In 2012, Google’s Dianne Hackborn threatened to revoke CyanogenMod’s access to the Android Market if they moved forward with adding “Cornerstone” multitasking to their custom ROM. Samsung has since created their own multi-window multitasking feature.

Dianne Hackborn said this “is something that needs to be done at the mainline platform level” so apps wouldn’t break. She was right — Android needs this as a standard feature and it’s time for Google to provide it.

Doesn’t Android Have Multitasking?


Today, Android runs on everything from smaller smartphones all the way up to huge “phablets” like the Galaxy Note. Android has gone beyond phones and runs on 12-inch tablets, convertibles with keyboard docks, laptops, and even Android desktops. Android isn’t just a phone operating system.

Samsung’s Multi-Window Isn’t Good Enough

Samsung has tried to add value to Android by adding a multi-window feature. When you’re using a high-end phone like the Galaxy Note or Galaxy S, or a Galaxy tablet, you have the ability to run certain apps side-by-side with each other.

There are big problems here. This only works on Samsung devices, and only on specific Samsung devices. To add support for this feature in a way that doesn’t break other apps, Samsung’s multi-window feature also only works with specific apps. You can’t just run any app in multi-window view, only the apps on the Multi Window bar Samsung provides. This prevents third-party apps from breaking, which is what Google was worried about with CyanogenMod’s Cornerstone feature.

A feature that only works with a handful of apps on specific devices from a single manufacturer isn’t good enough. This feature needs to work on every Android device — or at least ones with suitably large screens and powerful enough internals. It needs to be an Android platform feature so application developers can ensure their apps will work properly with it on every device.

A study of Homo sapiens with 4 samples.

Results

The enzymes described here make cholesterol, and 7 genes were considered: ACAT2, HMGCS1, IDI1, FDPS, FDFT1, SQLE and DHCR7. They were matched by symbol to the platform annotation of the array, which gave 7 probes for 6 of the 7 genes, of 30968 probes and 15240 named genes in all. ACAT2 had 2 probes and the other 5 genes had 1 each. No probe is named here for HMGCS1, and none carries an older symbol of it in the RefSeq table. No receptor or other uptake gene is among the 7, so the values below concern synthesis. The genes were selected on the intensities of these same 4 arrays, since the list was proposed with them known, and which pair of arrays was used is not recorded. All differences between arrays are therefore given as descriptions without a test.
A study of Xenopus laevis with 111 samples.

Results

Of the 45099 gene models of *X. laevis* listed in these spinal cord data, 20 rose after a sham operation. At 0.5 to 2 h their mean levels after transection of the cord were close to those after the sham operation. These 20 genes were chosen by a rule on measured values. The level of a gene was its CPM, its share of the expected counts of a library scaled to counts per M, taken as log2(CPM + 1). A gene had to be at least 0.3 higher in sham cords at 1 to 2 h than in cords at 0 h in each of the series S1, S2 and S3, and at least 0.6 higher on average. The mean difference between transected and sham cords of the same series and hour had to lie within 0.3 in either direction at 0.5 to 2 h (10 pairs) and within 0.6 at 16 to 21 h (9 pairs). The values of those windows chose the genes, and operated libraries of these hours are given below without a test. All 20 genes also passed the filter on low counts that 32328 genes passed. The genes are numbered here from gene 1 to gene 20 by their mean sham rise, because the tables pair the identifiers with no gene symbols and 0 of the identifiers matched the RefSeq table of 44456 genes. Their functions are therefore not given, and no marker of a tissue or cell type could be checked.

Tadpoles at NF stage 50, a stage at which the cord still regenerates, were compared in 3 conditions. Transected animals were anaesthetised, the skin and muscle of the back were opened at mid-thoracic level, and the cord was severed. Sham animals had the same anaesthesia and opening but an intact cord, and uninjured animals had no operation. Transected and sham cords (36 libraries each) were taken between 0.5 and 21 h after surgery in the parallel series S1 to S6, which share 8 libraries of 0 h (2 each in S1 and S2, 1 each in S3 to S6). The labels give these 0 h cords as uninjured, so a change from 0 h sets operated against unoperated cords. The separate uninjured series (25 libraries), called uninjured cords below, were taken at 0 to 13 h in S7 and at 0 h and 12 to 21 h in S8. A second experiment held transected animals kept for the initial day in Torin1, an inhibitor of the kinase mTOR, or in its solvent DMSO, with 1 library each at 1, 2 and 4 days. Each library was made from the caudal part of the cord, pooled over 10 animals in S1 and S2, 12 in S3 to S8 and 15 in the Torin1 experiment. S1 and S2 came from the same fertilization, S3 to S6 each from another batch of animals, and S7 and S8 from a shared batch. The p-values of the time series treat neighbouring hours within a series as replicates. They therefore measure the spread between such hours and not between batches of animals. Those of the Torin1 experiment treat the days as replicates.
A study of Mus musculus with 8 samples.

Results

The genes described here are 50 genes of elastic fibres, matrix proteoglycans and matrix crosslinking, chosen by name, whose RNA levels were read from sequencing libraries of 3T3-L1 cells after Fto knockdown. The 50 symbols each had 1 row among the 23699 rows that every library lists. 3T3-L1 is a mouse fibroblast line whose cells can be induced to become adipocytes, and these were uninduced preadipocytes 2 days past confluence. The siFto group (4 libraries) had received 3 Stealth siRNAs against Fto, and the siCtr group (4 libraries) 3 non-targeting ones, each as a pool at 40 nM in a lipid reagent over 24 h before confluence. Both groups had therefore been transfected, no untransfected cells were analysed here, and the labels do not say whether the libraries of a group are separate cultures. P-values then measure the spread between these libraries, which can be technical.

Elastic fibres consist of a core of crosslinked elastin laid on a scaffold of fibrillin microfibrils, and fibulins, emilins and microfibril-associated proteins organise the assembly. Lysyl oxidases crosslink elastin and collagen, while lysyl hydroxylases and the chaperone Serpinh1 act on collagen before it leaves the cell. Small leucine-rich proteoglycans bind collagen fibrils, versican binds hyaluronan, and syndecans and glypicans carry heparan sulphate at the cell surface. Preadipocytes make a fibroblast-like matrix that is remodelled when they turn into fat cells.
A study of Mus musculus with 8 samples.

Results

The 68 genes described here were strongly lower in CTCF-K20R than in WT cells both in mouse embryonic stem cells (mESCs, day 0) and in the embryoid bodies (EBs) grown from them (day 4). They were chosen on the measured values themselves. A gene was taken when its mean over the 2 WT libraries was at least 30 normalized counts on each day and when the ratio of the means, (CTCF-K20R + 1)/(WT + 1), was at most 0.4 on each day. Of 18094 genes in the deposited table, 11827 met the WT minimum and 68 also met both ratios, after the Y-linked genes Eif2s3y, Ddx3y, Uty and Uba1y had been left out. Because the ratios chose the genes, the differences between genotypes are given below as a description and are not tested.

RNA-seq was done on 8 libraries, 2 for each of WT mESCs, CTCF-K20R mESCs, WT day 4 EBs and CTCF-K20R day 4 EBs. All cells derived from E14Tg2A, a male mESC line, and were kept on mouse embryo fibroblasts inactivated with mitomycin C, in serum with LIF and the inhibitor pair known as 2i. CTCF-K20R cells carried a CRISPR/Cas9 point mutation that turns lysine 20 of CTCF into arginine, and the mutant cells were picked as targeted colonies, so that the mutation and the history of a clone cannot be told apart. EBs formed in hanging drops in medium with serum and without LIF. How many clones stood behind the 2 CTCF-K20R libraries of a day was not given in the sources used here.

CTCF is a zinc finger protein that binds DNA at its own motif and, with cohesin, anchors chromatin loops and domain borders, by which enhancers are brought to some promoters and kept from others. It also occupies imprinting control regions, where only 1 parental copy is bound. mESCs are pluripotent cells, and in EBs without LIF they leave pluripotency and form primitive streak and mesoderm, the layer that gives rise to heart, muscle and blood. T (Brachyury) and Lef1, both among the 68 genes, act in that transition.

Android developers shouldn’t have to add support for each manufacturer’s own multi-window feature if other manufacturers decide to copy Samsung.

Floating Apps Are a Dirty Hack


You can install floating apps to browse the web, take notes, chat, and watch videos while using any app. Only apps specifically designed to run as floating apps will work, so you have to seek them out. Floating apps are also awkward to use because they float over the app you’re using, blocking parts of its interface.

Microsoft added floating-window support to Skype for Android. You can have a video conversation and the other person’s face will always appear on your screen, even when you leave the Skype app. Microsoft is using more of Android’s multi-window multitasking power than Google is.

Custom ROMs and Root-Only Tweaks Aren’t Acceptable


You can also get this feature by using a root-only Xposed Framework tweak known as XMultiWindow. If you have root access, you can get multi-window multitasking or any app on your device.

This shouldn’t require rooting your device or installing a custom ROM. These third-party solutions often have awkward interfaces and bugs. We need an integrated, supported solution that works the same on every device.

Why Multi-Window is Important


But Android’s still remained frozen in time. Despite all Android’s underlying power — and despite the way Android allows apps to adapt to different screen sizes — Google is resisting adding this feature.

Large-screen Android tablets like the Nexus 10 (remember that tablet Google hasn’t updated in over 18 months?) need this feature. So do huge phones, convertibles, laptops, and Android desktops.

If tablets are the future of personal computing, we should be able to do more than one thing at a time on our tablets’ big screens. Microsoft, Samsung, and even Apple are realizing this — now it’s Google’s turn.

Image Credit: Sergey Galyonkin on Flickr, Kārlis Dambrāns on Flickr

Profile Photo for Chris Hoffman Chris Hoffman
Chris Hoffman is Editor-in-Chief of How-To Geek. He's written about technology for over a decade and was a PCWorld columnist for two years. Chris has written for The New York Times and Reader's Digest, been interviewed as a technology expert on TV stations like Miami's NBC 6, and had his work covered by news outlets like the BBC. Since 2011, Chris has written over 2,000 articles that have been read more than one billion times---and that's just here at How-To Geek.